FORD ISLAND, Hawaii – Eight of the U.S. Army’s most advanced attack helicopters arrived in Hawaii on Friday for this summer’s Rim of the Pacific joint exercises, after which half of those Apache Guardians will be sent deeper into Asia as part of the Army’s Pacific Pathways initiative.
“They’ll be part of the inaugural Pacific Pathways operation that we’ll do this year,” said Gen. Vincent Brooks, commander of U.S. Army Pacific, at a ceremony on Ford Island, during which one of the eight aircraft received a Hawaiian-style blessing.
“We’ll send a unit further into the Pacific in conjunction with the exercises that we already do,” Brooks said, adding that the arrival of the Apaches in Hawaii “speaks to the reality of Pacific rebalance” and “speaks to the commitments the United States Army has to the joint teams and to our international partners.”
Under Pacific Pathways, the Army is developing small units that will be forward-deployed for quick response to humanitarian emergencies or regional threats. Between actual crises, the units will train with various partner countries.
This is the first time the new Echo version of the Apache helicopter has been brought to Hawaii. Two dozen of them were deployed to Afghanistan this spring for the first time.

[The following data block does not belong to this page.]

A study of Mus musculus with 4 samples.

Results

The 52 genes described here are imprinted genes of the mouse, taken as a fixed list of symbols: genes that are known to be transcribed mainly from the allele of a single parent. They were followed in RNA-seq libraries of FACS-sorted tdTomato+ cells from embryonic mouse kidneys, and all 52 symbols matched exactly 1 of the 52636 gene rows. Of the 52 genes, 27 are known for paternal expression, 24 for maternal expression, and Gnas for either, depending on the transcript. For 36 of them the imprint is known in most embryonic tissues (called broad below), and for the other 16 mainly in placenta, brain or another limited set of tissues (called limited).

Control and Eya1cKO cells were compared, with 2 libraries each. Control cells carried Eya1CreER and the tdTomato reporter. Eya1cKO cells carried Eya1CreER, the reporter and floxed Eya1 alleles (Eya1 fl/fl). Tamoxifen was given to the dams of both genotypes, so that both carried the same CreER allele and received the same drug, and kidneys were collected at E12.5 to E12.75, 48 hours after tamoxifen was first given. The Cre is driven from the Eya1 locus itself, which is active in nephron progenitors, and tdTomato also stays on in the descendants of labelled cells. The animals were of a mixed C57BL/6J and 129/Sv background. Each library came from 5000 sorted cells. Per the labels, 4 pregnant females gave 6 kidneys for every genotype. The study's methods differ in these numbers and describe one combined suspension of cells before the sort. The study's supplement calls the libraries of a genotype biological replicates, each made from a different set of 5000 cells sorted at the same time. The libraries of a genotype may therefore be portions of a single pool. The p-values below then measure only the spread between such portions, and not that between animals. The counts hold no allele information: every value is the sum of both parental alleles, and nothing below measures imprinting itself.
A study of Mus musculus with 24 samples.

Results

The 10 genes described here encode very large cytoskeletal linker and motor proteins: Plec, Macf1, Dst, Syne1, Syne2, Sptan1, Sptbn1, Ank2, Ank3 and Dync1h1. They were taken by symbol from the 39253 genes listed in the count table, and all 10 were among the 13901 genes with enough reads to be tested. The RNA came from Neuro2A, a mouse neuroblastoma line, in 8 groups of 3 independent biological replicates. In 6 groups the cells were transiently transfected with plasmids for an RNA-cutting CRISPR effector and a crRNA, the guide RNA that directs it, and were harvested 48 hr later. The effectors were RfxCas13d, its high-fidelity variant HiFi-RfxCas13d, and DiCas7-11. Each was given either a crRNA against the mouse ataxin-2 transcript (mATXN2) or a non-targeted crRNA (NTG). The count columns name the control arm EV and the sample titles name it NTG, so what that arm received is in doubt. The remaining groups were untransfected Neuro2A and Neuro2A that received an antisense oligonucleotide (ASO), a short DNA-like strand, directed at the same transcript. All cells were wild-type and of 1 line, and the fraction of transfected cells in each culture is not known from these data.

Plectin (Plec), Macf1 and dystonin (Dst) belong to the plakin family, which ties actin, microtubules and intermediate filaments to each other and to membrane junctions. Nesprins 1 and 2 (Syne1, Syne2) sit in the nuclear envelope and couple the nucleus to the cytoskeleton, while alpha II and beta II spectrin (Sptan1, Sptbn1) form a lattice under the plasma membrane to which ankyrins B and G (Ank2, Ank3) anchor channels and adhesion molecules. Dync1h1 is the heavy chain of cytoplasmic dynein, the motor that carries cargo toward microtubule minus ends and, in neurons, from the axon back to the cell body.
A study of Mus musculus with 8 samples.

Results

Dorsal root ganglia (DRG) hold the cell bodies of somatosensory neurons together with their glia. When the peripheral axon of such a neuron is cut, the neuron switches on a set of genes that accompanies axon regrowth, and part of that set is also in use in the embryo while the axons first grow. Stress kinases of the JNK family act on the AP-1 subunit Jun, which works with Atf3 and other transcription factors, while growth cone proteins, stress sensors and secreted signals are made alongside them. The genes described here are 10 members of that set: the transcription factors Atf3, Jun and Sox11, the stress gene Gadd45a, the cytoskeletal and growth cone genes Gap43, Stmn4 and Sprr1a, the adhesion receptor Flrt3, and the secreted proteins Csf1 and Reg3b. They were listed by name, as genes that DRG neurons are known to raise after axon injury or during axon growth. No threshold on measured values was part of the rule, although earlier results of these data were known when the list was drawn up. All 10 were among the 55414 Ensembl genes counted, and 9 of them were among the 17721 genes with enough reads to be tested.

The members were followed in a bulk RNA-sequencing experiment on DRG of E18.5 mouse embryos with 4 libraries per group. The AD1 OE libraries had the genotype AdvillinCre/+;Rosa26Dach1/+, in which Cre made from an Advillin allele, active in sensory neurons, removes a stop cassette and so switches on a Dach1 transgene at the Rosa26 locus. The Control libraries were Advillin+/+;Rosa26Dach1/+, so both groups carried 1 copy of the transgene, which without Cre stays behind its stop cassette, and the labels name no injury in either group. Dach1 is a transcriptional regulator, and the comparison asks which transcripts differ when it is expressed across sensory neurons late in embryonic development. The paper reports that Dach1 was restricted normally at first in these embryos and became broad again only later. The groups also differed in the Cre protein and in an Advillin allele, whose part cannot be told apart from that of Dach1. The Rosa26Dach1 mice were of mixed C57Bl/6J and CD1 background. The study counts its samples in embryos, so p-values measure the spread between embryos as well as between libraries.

The eight Apaches, along with about 40 soldiers from 1st Battalion, 25th Aviation Regiment, out of Fort Carson, Colo., will be in Hawaii for about two months. The aircraft will be stationed at Wheeler Army Airfield, about 15 miles north of Honolulu.
Following the two-month RIMPAC exercise, two of the Apaches will join the Tiger Balm exercise held in Hawaii with Singapore.
Capt. Nathan Peper, one of the Apache pilots who attended the ceremony, said that he was anxious to begin training in Hawaii to test out the craft’s handling in the humid Pacific climate. Most of the pilot’s flight time with the Echo has been in the high, relatively arid elevations of Colorado.
Peper said the Echo’s twin engines are far more powerful than those in the previous iteration of the Apache, which improves maneuverability. The heavier air at sea level should also make flying easier, he said.
“This is kind of a new environment,” he said. “It will be a good opportunity for some new kinds of training.” The Army will also find out how well the Apaches handle the rigors of salt air, he said.
Bringing the Apache Echos to Hawaii – and then deeper into the Asia region – sends a message to America’s partner nations that it’s serious about delivering the best equipment to the Pacific theater, said Col. Kenneth Hawley, commander of the 25th Combat Aviation Brigade in Hawaii.
For the Army, delivering its helicopters to the airfield on Ford Island was like returning to a long-lost home. The airstrip was originally developed by the Army during World War I and was named Luke Field. It eventually became the Navy’s.
“This is a place where the United States Army’s aviation tradition in the Pacific, and certainly in Hawaii, has its foundation,” Brooks said. “And for us to now have the most advanced Army attack helicopter brought here, and to be honored here, brings us to full circle.”